Protest in Iran – continued bravery but lack of outside support

Thousands of Iranian students and others turned out on the streets of Teheran on Monday to protest against the government, as described here. (photo from AP file).  Ironically, December 7 is a traditional day for rallies marking the killing of three students during a 1953 anti-US protest.

The protests are occuring on the backdrop of increased pressure for sanctions on Iran.  The sanctions are strongly supported by Dr. Emanuele Ottolenghi  who spoke in Australia earlier this year.  However Ottolenghi also argues for a 2 track approach of both sanctions and support for Iranian opposition. As Ottolenghi points out in this excellent article,   

“If internal change can create a new, benign and regionally responsible Iran, how can the West ensure that Tehran’s “velvet revolution” clock ticks faster than its nuclear clock? While the West is continuing to engage the regime to solve the nuclear standoff, it should also talk over the ayatollahs’ heads and address the population.So far, however, this has not been the case. For European governments the promotion of human rights inside Iran was never an attractive proposition. Europe feared antagonising China and Russia, its partners in the P5+1 (the five permanent members of the UN Security Council plus Germany). Loathing the regime-change rhetoric of the Bush administration, the EU believed that Tehran could be persuaded to be nice if only it could be assured that the West would not seek to subvert it. The Americans now appear to agree.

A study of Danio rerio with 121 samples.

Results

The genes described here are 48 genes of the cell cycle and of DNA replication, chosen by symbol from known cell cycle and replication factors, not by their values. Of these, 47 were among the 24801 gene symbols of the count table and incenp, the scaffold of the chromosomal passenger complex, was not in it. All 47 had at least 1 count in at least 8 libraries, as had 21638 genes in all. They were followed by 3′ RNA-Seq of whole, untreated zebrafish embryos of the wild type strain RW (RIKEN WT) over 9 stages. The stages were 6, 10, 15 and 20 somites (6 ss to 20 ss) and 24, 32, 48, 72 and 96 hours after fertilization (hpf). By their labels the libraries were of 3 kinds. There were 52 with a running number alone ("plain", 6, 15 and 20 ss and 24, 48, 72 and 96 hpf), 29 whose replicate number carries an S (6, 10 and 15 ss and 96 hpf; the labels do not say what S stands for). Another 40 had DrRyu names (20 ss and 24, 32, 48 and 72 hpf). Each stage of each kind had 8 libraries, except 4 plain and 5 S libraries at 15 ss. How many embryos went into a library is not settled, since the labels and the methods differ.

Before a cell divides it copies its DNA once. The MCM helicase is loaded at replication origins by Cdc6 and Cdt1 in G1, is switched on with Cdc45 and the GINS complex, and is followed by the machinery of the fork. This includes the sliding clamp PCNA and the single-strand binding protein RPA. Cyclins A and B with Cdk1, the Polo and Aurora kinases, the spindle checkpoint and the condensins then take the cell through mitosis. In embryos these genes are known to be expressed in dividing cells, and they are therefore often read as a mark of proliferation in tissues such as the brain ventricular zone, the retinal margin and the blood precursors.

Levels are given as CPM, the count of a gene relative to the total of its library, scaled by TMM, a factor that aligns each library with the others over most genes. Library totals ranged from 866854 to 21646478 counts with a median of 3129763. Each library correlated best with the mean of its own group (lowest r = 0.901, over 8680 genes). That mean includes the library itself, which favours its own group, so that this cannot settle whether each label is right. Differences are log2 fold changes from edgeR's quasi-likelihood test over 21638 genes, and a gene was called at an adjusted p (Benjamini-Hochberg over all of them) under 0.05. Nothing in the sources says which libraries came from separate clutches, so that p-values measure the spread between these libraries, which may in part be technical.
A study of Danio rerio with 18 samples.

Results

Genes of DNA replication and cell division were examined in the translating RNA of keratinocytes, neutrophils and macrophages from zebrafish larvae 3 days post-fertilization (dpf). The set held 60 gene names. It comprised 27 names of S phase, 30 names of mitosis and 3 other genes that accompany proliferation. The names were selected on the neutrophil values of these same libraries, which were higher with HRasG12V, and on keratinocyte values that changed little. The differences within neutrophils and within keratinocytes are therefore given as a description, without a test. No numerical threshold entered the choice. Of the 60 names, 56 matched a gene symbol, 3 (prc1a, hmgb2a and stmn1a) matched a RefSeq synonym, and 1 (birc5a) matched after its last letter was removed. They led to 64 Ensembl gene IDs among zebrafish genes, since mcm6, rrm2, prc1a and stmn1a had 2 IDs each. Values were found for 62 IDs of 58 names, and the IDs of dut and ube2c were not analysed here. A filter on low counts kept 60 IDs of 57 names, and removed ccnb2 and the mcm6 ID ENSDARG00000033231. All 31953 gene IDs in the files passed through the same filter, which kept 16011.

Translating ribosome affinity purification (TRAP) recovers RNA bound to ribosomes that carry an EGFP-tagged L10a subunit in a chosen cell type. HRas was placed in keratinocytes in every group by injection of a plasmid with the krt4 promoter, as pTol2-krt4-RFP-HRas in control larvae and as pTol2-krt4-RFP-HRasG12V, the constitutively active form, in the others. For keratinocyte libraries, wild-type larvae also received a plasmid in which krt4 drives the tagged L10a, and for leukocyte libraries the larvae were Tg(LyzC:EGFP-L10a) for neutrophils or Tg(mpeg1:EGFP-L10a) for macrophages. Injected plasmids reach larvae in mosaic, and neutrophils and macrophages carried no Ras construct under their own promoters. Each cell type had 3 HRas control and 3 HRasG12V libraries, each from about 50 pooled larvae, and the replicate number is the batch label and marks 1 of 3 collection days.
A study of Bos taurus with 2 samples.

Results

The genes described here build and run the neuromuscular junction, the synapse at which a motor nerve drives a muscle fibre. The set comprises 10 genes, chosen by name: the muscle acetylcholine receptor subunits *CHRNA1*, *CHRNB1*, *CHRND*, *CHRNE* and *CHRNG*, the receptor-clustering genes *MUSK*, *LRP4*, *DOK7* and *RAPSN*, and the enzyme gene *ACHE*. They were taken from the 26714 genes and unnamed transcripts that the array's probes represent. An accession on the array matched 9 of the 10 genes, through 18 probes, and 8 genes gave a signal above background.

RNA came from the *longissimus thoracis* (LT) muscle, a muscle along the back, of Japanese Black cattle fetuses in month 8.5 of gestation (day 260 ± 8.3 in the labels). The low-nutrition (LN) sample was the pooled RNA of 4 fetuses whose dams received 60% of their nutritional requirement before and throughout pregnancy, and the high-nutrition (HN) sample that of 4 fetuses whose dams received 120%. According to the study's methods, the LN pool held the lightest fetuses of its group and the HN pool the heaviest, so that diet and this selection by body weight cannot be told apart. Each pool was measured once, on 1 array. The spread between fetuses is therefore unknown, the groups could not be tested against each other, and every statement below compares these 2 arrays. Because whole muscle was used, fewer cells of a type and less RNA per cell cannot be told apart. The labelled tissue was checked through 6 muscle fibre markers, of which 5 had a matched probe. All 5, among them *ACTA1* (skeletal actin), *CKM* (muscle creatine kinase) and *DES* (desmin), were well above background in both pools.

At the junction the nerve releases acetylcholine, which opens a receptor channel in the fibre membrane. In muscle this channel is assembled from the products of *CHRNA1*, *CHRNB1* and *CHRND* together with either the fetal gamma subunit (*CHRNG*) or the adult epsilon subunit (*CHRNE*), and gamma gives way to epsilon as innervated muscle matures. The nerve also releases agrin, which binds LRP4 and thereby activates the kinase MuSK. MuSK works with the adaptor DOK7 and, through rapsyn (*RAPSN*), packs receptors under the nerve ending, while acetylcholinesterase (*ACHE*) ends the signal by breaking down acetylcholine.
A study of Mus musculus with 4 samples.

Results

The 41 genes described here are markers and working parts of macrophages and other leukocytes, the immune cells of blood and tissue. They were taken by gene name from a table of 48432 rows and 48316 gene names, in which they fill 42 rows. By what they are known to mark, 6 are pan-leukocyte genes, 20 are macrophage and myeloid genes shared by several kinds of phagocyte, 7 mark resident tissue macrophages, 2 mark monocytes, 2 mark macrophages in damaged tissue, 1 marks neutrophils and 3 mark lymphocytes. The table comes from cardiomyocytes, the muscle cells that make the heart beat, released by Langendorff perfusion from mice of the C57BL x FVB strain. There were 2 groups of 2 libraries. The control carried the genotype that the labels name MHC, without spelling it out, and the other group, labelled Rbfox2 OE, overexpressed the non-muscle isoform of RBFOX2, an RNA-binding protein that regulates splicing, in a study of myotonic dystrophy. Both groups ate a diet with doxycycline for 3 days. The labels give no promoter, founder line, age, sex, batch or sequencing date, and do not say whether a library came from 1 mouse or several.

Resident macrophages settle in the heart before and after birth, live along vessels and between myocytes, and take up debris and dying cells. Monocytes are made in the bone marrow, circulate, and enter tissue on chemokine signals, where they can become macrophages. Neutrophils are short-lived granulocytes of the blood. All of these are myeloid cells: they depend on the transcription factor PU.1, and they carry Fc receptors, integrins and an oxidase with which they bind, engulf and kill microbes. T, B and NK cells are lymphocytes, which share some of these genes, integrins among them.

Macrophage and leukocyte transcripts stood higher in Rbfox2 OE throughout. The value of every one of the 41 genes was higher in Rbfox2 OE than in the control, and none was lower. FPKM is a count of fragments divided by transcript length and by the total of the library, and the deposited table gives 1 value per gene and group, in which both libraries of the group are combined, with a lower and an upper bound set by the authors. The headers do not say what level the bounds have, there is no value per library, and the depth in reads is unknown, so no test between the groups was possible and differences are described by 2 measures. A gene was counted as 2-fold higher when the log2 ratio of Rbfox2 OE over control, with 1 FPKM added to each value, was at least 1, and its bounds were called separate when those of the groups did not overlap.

Under the Obama administration, support for Iran’s opposition has been eroding steadily in Washington too. Europeans insist their agenda is not regime-change but behaviour change. The message to Tehran is: “As long as we are talking, we will not contemplate any other measure to achieve our goals.”

Ottolenghi writes “This is a blow to Iran’s beleaguered forces of change. Potentially, it is also a strategic blunder of tragic proportions.” 

In his brief article, ” Iran, Arsonist and Firefighter” Ottolenghi has a good perspectiveon Iranian and U.S. approaches to other conflict sites, such as Yemen.  Of the U.S. response, he writes “when an official statement reads like this: “It’s our view that there can be no long-term military solution to the conflict between the Yemeni government and the Houthi rebels,” it almost looks like it came out of the EU.  Never shall there be a military solution to a conflict! A bit like saying, “There shall be no medical solution to a disease” — let the microbes and the antibodies negotiate their way to a compromise through the good offices of the United Nations. Let them receive an envoy from the EU! But no conflict. Nope.”